July/August 2013
The Ecozoic Era


Human-Nature Continuum

Helen Moore asks: “What influences the ecopoet’s imagination?” Entanglements: New Ecopoetry, edited by David Knowles & Sharon Blackie. Two Ravens Press, 2013. ISBN: 9781906120658

There are many delicious poems in this new anthology from an Outer Hebridean press that focuses exclusively on ecoliterature. Entanglements opens with three pieces on the Fraser River by the acclaimed Canadian Catherine Owen. Nature Writing 101 is her Orwellian twist on our relationship with the natural world: “The trees are all gone but then aren’t our hearts | more similar to wastelands… | Our minds can assimilate all horrors. | Is the problem.”

Here the idea is well executed, and in her subsequent pieces, Beseech and They Will Disappear These Ruins & This Beauty Too, her deployment of language continues to evoke the remnants of human industry and Gaian beauty, which is finally juxtaposed with the advertising empire/machine: “the ads singing haven over the barren inhabited lands… | the empty river groomed for them as wallpaper, as screen”.

In their editors’ notes, David Knowles and Sharon Blackie indicate that although their curation process involved endless reordering of their selected material – a stylistically diverse spectrum of contemporary work from Canada, the USA, the UK and Australia – the opening and closing pieces remained the same. The choice to conclude with Alice Oswald’s brilliant epistle was well made. Surveying the property once owned by the captain of a Spanish treasure ship, Sharpham House becomes overrun by the exuberant marginalia-cum-inventory of wild plants, creatures, humans (“Buddhists, historians”), and even detritus that make today’s Sharpham estate flow beyond the page: “life is not so limited in its pen and ink...”

Awareness of this human–Nature continuum is evident in various other poems. Mario Petrucci’s Close in in and When Milk Enters experiment through language and form with his perceptions of his newborn son: “your far-shrilled | gull motions in circles to | whittle stillness then | drop to a pose | abruptly.” Other poems similarly link the body and landscape, such as John Kinsella’s Penillion of Cambridgeshire as My Body and Susan Rowland’s For the Forest: “I found my navel in a crater | Of blue rain.”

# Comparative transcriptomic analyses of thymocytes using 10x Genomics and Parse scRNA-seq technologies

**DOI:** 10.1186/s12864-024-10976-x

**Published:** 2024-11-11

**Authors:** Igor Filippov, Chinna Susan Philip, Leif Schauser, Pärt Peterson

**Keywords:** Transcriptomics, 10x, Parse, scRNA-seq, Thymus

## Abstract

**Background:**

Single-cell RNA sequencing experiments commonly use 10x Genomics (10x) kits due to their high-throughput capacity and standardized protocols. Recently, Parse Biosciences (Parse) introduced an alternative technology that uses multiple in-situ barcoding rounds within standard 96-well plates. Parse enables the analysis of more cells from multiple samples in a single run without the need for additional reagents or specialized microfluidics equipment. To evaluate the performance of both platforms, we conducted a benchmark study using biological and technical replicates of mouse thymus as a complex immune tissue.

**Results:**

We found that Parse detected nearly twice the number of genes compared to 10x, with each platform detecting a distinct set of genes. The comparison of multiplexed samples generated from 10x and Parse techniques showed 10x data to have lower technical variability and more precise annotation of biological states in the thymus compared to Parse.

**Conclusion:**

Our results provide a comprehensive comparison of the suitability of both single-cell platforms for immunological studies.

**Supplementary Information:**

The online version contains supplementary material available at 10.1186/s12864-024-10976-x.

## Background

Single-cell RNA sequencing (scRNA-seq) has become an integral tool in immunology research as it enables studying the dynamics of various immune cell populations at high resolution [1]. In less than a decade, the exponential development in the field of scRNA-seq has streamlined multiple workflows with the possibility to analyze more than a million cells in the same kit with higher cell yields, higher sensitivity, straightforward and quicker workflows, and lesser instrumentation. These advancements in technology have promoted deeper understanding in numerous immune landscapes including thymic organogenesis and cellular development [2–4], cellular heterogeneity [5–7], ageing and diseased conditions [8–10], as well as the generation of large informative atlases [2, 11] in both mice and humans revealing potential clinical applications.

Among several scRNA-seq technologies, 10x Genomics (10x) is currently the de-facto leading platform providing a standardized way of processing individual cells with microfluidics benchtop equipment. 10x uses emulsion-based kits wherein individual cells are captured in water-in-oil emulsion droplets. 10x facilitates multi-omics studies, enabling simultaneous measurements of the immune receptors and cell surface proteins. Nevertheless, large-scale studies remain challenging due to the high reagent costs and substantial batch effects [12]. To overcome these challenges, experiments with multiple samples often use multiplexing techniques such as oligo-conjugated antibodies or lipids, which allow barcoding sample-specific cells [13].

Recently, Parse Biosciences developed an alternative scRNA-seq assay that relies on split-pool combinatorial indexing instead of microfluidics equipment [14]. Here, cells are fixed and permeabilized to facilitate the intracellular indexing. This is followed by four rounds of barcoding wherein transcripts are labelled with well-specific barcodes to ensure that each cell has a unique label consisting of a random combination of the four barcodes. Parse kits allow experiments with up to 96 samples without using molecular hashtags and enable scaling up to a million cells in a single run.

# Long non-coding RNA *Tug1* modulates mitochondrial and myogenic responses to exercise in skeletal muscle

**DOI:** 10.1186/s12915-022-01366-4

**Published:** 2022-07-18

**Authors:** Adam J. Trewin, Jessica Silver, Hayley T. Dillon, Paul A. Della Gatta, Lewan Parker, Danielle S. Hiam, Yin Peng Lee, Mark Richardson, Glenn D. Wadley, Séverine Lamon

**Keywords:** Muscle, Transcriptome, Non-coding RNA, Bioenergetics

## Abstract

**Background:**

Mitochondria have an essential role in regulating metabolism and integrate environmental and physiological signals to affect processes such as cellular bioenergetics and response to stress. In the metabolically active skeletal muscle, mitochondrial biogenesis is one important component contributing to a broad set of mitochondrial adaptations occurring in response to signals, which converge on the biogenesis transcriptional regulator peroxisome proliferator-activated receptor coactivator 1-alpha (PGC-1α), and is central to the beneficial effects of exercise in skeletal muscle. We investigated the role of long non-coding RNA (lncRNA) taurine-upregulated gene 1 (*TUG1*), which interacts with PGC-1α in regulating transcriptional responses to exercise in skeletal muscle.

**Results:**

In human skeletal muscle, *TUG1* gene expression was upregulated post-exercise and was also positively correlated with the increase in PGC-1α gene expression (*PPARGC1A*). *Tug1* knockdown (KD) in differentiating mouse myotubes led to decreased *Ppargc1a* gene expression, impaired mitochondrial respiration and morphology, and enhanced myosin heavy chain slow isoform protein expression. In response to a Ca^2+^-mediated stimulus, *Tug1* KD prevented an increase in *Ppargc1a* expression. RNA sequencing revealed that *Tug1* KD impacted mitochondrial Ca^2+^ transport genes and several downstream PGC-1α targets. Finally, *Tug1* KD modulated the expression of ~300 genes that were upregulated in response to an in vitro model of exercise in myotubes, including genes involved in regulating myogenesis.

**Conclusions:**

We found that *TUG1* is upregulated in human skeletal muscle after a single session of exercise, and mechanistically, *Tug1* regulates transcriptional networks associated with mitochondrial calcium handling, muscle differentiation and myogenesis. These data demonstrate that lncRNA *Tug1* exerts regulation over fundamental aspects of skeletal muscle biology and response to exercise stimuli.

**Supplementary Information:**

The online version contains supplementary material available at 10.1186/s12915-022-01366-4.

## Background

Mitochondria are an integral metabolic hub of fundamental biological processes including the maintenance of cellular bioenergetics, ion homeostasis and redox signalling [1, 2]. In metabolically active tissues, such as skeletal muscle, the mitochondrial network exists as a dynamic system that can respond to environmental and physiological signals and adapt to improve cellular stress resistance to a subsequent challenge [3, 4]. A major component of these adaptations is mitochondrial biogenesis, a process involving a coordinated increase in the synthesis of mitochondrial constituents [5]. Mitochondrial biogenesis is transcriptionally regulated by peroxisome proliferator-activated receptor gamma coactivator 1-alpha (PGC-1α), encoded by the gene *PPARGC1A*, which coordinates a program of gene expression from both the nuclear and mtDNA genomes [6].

There are poems informed by an intimate relationship with the other-than-human – Jane Routh’s The Teachings of Strix Aluco is written from the Tawny Owl’s perspective, while Chris McCully’s Watching White Trout on the River Dargle draws on his observation and hunting of this species. His poem foregrounds the long history of their existence: “While Troy torched laughter onto a girl’s cheeks; | throughout the centuries-long scourging of the Christ; | … |restless, unwitting, they were doing the same, | their shadows nuzzling under the alder.”

I could single out other beautifully conceived and crafted poems, but this would fail to convey an aspect of Entanglements that bothered me. This was the editors’ “growing hunger for a meaningful connection with the earth” having been met by too many poems in which a solitary human walks (or even drives) in a landscape. In an anthology of ecopoetry, I enjoy reading others’ experiences of (inter)connection, and especially savour the expression of ideas and actions inspired by the now multiple and extensive fields of ecological thought (much of which has been featured in Resurgence & Ecologist for over four decades) that one might expect to find shaping the ecopoetic imagination. The editors had deliberately chosen to exclude political poems (despite acknowledging “the achievements of poetry under the oppressive regimes of the USSR and … springing from the Troubles in Ireland”), and I question this decision. I also wonder if some of the material presented as ‘ecopoetry’ should be defined as such.

Can we really say that any piece written about ‘Nature’ in the 21st century is ecopoetic? Or should this term be reserved for a growing pan-global body of work that is genuinely informed by the ancient/new ecological consciousness influencing emergent culture?

Helen Moore’s debut collection, Hedge Fund: And Other Living Margins, is published by Shearsman Books. To read her essay on ecopoetry visit www.internationaltimes.it/what-is-ecopoetry/

Helen Moore is an eco-poet, community artist/activist and Forest Schools practitioner.